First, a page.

Estate Tax Basics
With the federal estate tax playing a major role in estate planning, it is important to understand estate taxes and what property is subject to estate taxes.. The Federal estate tax is a tax levied not on the property owned when you pass away, but it is a tax on your right to transfer that property when you pass.
Unfortunately, the property is not taxed on the cost of the property or the value of the property when it was acquired, but the tax is levied on the fair market value of the property on the date of death. The property included in an estate is termed the gross estate, and includes the balance of bank accounts, stocks, real estate, personal property and anything else of value that the deceased owned.
The total of assets is known as the “Gross Estate.” During the probate process, bills are paid and liabilities handled, and those, along with other allowable expenses, such as funeral expenses, are subtracted from the gross estate, to determine the value of the net estate. But there is certain property that is exempt from the inclusion in the net estate, and this includes property that is transferred to a surviving spouse, which is known as the ‘unlimited marital deduction.’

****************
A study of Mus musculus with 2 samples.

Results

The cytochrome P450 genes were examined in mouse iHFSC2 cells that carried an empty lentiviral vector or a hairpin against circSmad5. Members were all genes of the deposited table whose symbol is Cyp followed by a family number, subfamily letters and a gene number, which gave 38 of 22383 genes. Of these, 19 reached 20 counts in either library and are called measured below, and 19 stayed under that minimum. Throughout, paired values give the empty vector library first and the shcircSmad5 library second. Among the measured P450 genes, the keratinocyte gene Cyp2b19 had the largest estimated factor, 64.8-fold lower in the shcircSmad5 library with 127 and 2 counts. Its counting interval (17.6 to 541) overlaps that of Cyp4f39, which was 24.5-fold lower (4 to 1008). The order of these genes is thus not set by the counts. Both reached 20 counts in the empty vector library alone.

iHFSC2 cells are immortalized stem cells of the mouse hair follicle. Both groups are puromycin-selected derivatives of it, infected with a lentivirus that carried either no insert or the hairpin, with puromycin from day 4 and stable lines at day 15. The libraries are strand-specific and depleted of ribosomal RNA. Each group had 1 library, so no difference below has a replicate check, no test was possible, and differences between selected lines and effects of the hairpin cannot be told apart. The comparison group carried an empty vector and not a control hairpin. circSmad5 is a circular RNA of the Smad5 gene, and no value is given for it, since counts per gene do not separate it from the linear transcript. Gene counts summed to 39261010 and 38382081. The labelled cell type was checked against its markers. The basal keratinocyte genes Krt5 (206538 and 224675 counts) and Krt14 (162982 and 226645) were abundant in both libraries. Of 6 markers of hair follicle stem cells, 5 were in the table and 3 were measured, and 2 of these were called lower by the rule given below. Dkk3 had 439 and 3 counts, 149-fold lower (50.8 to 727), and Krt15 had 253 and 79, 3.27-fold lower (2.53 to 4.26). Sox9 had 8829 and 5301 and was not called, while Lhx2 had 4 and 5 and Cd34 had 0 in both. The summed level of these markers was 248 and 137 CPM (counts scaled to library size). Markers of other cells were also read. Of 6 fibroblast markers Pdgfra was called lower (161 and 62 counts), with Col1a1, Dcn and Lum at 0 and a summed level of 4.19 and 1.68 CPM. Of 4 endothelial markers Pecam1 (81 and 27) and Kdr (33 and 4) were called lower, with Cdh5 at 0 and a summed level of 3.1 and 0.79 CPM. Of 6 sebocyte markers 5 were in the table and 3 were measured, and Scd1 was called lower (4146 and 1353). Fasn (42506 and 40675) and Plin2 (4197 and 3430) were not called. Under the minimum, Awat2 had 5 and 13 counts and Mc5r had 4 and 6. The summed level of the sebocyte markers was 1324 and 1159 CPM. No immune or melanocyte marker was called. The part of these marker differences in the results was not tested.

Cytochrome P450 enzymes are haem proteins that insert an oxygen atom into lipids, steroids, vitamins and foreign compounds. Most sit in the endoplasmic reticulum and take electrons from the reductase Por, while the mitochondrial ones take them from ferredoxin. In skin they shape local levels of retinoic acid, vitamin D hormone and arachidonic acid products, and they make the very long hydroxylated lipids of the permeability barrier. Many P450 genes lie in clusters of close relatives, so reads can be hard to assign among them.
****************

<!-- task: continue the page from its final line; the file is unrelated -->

If the net estate exceeds the federal threshold, the excess is taxed. During 2010, the Federal estate tax was repealed, due to a lapse in an earlier law that adjusted estate tax rates. Unfortunately, in 2011, the Federal estate tax will be back, and the federal threshold is slated to be just $1,000,000, and amounts above that will be taxed as much as 55%.
Understanding estate taxes and factoring them into a comprehensive estate plan is not something you need to do on your own. An estate planning attorney takes a holistic approach in this task, and can ensure that an estate plan makes the most of deductions, exemptions and other estate planning strategies while ensuring that your specific needs are met.